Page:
School of Geosciences teams up with Lafayette Science Museum
Part of the University of Louisiana at Lafayette’s School of Geosciences will be moving into new digs — literally.
The University is collaborating with the Lafayette Science Museum to create an exhibit with a three-fold mission. It will:
• house the University’s collection of fossils, rocks and minerals;
• establish an on-site laboratory to process specimens; and
• offer new learning opportunities for the public.
At its regular meeting today, the Lafayette City-Parish Council unanimously approved an intergovernmental agreement to move forward with the exhibit, which is planned for summer 2014.
Dr. David Borrok, director of the School of Geosciences, said the exhibit will extend the University’s footprint into downtown Lafayette. The Science Museum plans to display items on a rotating basis for 10 years.
“By moving UL Lafayette’s Geology Museum, we will increase our access to the public and provide a stronger link to the community,” Borrok said.
In addition to static displays of select specimens, the exhibit will give the public the opportunity to get a behind-the-scenes look at laboratory work. Video cameras will capture University faculty members and students as they prepare specimens for exhibition. Visitors will be able to view monitors to see how items are prepared for display.
The University’s collection is composed of thousands of specimens UL Lafayette has acquired over about 50 years. In May, two University faculty members, Dr. Jim Martin, a paleontologist, and Cathy Bishop, a geology instructor, led a field paleontology course for seven students at Oregon’s Fossil Lake, a well-known Ice Age collection site. The team found more than 5,000 fossils, including those of birds, fish, horses and camels.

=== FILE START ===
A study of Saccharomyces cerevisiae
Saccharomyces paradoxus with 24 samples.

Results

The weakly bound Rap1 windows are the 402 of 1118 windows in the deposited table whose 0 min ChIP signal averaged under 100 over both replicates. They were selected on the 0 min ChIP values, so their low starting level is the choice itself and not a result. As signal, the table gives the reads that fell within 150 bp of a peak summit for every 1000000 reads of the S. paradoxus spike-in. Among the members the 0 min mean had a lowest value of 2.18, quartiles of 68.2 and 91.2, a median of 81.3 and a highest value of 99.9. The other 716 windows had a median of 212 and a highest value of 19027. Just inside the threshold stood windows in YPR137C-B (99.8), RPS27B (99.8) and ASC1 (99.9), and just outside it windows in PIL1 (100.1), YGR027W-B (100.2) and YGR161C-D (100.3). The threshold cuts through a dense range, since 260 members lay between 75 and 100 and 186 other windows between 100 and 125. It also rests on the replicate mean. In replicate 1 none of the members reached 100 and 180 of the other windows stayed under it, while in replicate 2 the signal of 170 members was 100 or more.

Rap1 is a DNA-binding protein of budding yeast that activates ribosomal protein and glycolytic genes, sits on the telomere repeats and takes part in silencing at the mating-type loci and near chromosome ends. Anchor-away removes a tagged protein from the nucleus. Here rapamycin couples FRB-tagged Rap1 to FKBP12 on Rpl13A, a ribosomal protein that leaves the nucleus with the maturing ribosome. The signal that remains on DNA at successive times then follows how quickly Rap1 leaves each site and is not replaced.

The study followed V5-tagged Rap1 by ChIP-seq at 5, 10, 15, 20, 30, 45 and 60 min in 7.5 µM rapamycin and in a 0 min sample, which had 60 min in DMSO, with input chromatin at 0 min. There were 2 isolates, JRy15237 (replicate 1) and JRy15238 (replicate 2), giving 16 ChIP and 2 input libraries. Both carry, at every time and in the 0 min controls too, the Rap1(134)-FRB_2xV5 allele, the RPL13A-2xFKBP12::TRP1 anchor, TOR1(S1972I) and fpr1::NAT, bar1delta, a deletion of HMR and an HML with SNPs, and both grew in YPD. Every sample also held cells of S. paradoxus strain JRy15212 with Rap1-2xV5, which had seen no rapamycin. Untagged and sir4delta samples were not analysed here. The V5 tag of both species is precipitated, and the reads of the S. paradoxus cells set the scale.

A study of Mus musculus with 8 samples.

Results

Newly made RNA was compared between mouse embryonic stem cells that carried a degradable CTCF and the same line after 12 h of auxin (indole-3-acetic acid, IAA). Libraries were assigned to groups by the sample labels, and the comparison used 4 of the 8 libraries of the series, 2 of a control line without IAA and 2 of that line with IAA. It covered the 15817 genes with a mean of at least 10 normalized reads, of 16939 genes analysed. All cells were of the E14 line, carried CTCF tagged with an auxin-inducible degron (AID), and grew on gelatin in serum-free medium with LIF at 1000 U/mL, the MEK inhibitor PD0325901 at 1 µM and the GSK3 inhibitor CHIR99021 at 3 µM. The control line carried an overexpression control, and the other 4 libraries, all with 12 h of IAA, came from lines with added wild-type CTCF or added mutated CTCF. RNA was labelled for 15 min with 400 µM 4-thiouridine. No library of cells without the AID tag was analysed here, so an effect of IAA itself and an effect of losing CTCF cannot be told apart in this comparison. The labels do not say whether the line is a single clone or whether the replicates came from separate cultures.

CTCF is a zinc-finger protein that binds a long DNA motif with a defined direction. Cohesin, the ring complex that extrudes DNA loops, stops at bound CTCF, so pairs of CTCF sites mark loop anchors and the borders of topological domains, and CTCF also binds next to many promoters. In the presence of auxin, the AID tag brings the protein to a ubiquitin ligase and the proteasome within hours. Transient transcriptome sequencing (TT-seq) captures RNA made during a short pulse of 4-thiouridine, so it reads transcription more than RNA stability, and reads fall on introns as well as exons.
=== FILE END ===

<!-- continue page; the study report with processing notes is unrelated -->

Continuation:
Some of these specimens will be featured in the exhibit.
“This collection represents a major contribution to the University’s educational and research collections,” said Borrok.
When UL Lafayette established its School of Geosciences in 2011, it combined the Department of Geology and the University’s environmental sciences program. The School prepares students for careers in the petroleum and oil exploration industries, environmental firms, government agencies, construction, mining, environmental protection, waste management, and coastal protection and restoration.
Kevin Krantz, the museum’s director, said the facility “significantly refined its programming” three years ago, when its name changed from the Lafayette Natural History Museum to the Lafayette Science Museum.
“The Science Museum’s mission is to build the future through science, technology, engineering and math. We are a regional science museum serving families, schools and other visitors. So, this partnership is a perfect fit.”